Friday

20th Apr 2018

Auditors call for stricter rules on donations to EU parties

  • The Court of Auditors wants potentially unlimited fines for 'irregular' loans and donations (Photo: www.gotcredit.com)

Rules on donations and loans linked to the funding of European Parliament's political parties and foundations should be strengthened, the European Court of Auditors have said.

In an opinion issued on Wednesday (20 December), the guardians of EU finances analysed a proposal tabled by the European Commission on 13 September to address loopholes in the funding of European political parties and foundations, following a series of scandals over the past two years.


They also noted that the commission did not propose rules on donations to entities related, directly or indirectly, to groups and foundations, nor rules concerning the terms and conditions of loans.

All these issues were included as part of several 2013 court of auditors' recommendations to improve the previous legislation on funding of European parties and foundations.

Loans and donations were at the heart of several scandals concerning fraud allegations against MEPs, and the illegal spending of public money by anti-EU parties and foundations, and other scandals concerning lucrative contracts obtained in exchange of donations by people.

These practices were used for example by the Institute for Direct Democracy in Europe (IDDE), a think tank linked to the UKIP-dominated Alliance for Direct Democracy in Europe.

According to the commission and parliamentary services, the auditors report, loans, donations and related "questionable practices" are generally boosted by difficulties encountered by political parties and foundations in finding contributions needed to meet the co-financing threshold.

The co-financing threshold is where EU parties and foundations are required to raise at least 15 percent of their own money before they can access EU funding.

To overcome this issue, the commission proposed to make it easier for parties and foundations to get EU grants, cutting the co-financing threshold to 10 percent for political parties and to five percent for foundations.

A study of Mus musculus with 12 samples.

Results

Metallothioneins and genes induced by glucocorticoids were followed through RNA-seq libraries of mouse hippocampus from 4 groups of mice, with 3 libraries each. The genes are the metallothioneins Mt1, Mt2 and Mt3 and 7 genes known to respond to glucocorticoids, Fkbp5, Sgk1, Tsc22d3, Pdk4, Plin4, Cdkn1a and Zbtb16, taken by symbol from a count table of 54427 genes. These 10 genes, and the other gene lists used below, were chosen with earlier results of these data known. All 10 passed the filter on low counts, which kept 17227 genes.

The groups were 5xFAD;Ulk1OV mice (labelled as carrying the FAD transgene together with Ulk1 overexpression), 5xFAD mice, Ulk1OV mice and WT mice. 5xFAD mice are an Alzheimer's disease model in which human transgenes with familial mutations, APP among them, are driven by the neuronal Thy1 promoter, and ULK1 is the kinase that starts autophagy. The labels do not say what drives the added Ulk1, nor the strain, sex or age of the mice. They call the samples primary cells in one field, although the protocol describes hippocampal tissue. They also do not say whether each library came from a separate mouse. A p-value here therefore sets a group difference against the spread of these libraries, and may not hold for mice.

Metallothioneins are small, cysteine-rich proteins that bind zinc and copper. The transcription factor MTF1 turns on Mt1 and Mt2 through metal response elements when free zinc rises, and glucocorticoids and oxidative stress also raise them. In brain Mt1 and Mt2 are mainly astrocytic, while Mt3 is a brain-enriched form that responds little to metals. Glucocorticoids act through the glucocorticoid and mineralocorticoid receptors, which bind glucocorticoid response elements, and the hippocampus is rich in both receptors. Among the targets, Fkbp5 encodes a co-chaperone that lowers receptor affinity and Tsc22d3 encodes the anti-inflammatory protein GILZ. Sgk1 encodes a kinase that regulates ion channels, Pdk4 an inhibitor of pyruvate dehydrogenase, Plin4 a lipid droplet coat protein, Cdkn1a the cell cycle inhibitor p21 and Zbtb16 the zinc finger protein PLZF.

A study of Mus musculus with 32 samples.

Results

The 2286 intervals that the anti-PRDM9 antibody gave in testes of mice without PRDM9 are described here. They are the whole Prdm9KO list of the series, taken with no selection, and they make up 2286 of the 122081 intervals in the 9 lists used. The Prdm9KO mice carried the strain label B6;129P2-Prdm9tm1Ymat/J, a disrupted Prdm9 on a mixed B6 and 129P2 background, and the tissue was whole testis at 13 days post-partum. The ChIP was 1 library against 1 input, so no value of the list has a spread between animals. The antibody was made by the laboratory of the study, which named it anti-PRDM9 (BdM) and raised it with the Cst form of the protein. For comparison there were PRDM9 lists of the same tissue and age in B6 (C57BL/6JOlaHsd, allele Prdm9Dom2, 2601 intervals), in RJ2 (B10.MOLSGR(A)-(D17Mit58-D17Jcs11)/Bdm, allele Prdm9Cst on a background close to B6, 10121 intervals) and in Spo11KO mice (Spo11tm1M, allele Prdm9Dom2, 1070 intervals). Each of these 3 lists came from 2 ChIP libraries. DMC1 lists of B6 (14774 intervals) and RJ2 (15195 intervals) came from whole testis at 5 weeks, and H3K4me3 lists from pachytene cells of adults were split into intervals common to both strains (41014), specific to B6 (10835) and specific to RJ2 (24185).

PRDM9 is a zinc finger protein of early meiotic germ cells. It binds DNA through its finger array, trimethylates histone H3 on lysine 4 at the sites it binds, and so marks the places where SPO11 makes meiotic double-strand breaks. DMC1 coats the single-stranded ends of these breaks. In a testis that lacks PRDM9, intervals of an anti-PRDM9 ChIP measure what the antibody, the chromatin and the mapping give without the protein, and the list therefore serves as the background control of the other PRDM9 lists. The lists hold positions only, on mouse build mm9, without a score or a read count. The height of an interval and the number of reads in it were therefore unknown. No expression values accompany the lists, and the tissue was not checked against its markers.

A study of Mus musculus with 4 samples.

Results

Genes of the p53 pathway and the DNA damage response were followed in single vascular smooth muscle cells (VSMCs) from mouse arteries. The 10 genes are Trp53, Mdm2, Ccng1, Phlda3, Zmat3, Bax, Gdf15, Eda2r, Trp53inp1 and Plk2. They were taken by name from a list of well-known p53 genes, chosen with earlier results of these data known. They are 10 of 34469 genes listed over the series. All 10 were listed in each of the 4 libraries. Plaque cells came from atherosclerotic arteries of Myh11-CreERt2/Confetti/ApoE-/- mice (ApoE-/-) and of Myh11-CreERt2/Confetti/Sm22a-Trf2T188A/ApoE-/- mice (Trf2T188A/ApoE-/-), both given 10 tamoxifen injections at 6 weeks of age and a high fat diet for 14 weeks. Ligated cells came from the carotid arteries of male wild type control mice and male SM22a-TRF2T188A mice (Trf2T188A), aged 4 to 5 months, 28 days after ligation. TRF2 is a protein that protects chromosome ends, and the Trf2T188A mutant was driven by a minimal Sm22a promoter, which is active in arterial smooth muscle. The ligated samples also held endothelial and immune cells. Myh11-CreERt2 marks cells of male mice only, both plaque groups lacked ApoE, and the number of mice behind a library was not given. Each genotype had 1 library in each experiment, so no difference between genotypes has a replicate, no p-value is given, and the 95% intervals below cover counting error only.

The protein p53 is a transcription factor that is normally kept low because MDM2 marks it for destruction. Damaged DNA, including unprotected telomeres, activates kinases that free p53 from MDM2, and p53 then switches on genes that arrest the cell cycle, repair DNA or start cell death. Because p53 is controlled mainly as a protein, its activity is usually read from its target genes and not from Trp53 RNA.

Auditors agree with this proposal in order to to "mitigate the risk of using questionable practices".

Other suggestions by the court include that financial sanctions due to any illegal financial activity by political entities "should be raised" and be more severe.

No 'maximum ceiling' on fines

Fines are currently limited to 10 percent of the annual budget of the party or foundation, whereas the court of auditors stated in 2013 that "the amount of a fine should be a multiple of the irregular amounts involved, without a maximum ceiling."

Similarly, auditors considers the ruling of the parliament on imposing fines as too "discretionary".

The auditors recommend that all the provisions concerning the funding of political parties and foundations should be grouped under a single rule book to avoid overlaps and simplify the legislative framework.

Lastly, the auditors warns that "revising legislation early after entering into force and only to address a limited number of issues should, in general, be avoided."

The commission's proposal is part of a 'democracy package' presented by vice president Frans Timmermans, ahead of the 2019 European elections.

The text was approved by the European parliament's constitutional affairs committee on 21 November.

By lowering the threshold for distribution of funds, said S&D MEP Mercedes Bresso on 21 November "we have enhanced the democratic representation of political parties and foundations."


Four eurosceptic and far-right parties will receive less money up front and will have to present bank guarantees, in a crackdown on misuse of funds after several scandals.